With the Supreme Court upholding most of the Affordable Care Act, more Americans will find affordable health insurance, conclude Urban Institute researchers. States may opt out of a Medicaid expansion to low-income adults, but increased federal reimbursement for state and local health expenditures may prove a strong incentive to participate.
The Supreme Court today issued its ruling on the Affordable Care Act. The justices upheld the individual mandate and the attendant health insurance reforms, consumer protections, and new health insurance tax credits and subsidies. These provisions mean that millions of Americans will have access to adequate, affordable coverage regardless of their health status and that the small and nongroup markets for health insurance coverage will be restructured to enhance competition based on price and quality.
However, the justices made the expansion of Medicaid coverage to nonelderly adults with incomes below 138 percent of the federal poverty level optional for states. Before the ACA, few states covered nondisabled parents up to this income level, and even fewer states covered nondisabled adults without dependent children in Medicaid. With full implementation of the Medicaid expansion in all states, the CBO estimates that the enrollment increases in Medicaid would account for about half the total coverage increases projected under the ACA.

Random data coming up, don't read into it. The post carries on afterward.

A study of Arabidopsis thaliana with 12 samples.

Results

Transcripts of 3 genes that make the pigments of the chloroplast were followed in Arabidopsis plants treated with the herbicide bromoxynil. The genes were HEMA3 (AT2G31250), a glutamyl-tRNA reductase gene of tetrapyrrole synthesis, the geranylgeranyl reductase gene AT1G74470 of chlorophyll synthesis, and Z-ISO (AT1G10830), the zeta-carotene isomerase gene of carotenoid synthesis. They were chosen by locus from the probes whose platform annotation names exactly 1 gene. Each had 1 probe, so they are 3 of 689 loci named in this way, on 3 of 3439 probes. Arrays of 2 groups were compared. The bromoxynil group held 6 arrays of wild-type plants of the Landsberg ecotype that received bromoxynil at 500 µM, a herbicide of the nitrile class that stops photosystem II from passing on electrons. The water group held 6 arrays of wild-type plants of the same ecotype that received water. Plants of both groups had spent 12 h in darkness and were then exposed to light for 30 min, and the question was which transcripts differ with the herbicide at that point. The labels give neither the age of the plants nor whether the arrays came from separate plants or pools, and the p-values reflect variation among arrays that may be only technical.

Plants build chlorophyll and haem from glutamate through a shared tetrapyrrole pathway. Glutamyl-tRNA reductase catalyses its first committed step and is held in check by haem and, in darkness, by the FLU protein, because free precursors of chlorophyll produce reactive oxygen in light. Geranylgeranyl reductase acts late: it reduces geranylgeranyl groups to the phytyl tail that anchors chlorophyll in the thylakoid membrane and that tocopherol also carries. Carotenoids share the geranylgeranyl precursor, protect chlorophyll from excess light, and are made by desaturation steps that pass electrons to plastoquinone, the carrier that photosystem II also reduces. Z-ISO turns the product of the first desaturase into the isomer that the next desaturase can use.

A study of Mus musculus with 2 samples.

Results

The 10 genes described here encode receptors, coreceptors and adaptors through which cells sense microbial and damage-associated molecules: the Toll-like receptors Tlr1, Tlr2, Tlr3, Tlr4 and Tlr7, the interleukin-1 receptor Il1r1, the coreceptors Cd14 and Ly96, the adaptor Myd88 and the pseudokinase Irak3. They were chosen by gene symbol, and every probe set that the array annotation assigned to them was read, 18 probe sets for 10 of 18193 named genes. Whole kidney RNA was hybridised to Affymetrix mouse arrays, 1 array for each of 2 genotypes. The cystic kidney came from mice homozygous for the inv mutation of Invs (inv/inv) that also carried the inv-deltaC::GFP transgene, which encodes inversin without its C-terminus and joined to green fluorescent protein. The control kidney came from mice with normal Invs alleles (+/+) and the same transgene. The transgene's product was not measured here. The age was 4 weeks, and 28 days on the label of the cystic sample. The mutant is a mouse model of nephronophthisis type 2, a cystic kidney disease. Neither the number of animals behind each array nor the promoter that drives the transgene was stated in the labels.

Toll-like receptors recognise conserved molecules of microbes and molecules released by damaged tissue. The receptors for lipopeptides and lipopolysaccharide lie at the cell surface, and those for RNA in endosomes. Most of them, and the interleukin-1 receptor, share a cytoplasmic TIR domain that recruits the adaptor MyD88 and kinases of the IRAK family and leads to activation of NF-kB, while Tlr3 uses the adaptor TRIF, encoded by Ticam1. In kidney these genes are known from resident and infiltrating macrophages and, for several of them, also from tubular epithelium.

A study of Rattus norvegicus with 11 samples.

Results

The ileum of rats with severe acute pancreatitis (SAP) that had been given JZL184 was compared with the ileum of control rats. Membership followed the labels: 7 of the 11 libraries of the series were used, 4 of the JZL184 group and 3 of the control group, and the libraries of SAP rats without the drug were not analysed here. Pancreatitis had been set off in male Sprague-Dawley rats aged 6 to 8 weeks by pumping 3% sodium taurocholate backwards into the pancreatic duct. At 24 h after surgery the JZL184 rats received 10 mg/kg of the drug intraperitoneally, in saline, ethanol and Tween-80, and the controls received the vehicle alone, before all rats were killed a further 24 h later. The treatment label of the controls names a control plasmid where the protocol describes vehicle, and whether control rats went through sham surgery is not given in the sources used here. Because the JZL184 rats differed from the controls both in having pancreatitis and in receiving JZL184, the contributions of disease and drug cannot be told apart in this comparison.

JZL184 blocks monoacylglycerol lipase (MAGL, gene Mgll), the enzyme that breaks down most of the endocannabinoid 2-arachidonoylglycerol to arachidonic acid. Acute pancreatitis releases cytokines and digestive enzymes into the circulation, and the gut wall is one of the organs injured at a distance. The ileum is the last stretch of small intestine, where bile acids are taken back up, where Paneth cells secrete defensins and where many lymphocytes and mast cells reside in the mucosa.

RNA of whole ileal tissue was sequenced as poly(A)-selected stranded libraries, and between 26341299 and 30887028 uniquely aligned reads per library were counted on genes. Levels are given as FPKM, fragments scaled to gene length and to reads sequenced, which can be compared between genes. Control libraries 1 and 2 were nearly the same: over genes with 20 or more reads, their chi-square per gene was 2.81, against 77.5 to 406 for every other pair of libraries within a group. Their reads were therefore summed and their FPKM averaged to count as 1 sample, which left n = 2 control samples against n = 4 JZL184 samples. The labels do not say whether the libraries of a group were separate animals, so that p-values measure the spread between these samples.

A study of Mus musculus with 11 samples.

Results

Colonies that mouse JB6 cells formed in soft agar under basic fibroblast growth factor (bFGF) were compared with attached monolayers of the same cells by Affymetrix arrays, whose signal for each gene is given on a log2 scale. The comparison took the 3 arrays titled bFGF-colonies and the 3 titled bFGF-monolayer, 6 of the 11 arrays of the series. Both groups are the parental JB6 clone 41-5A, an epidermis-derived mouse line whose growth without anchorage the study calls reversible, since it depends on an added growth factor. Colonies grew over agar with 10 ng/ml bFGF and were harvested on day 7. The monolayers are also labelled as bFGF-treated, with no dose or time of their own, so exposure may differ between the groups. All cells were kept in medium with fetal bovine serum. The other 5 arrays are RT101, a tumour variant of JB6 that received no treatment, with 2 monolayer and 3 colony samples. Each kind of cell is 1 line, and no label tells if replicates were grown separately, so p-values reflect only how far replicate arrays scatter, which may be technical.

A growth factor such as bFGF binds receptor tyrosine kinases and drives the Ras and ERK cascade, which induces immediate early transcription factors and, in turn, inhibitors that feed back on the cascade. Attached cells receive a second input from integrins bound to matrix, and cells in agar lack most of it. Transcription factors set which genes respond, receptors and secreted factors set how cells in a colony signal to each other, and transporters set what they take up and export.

If a state does not implement the ACA's Medicaid expansion, some people who would have received Medicaid could instead receive federal tax credits and other subsidies, but cost-sharing requirements would be higher than they would have been under Medicaid. Federal tax credits and subsidies would not be available for most people with incomes below the federal poverty level, however. As a consequence, the uninsured above poverty could receive help, but those below poverty would not.
Under the ACA, the federal government will fully fund Medicaid coverage for these adults through 2016, cover 95 percent of the costs in 2017, and cover 90 percent in 2020 and beyond. This means that many states will face strong incentives to expand Medicaid coverage. In addition, the loss of federal disproportionate share hospital payments and potentially high uncompensated care costs borne by state and local governments on behalf of the uninsured will also motivate states to expand Medicaid under the ACA. On balance, states would experience net budget gains from implementing the Medicaid expansion. States that reject the ACA coverage expansion would turn down significant amounts of federal money, thus forgoing employment increases in the health sector and other industries.
In states that do not implement the Medicaid expansion, many poor people will remain uninsured. Currently, an estimated 27 million uninsured people have incomes below 138 percent of the federal poverty level, more than half the nation's uninsured. Whether or not states expand Medicaid will affect these people, their employers, and the providers who serve them.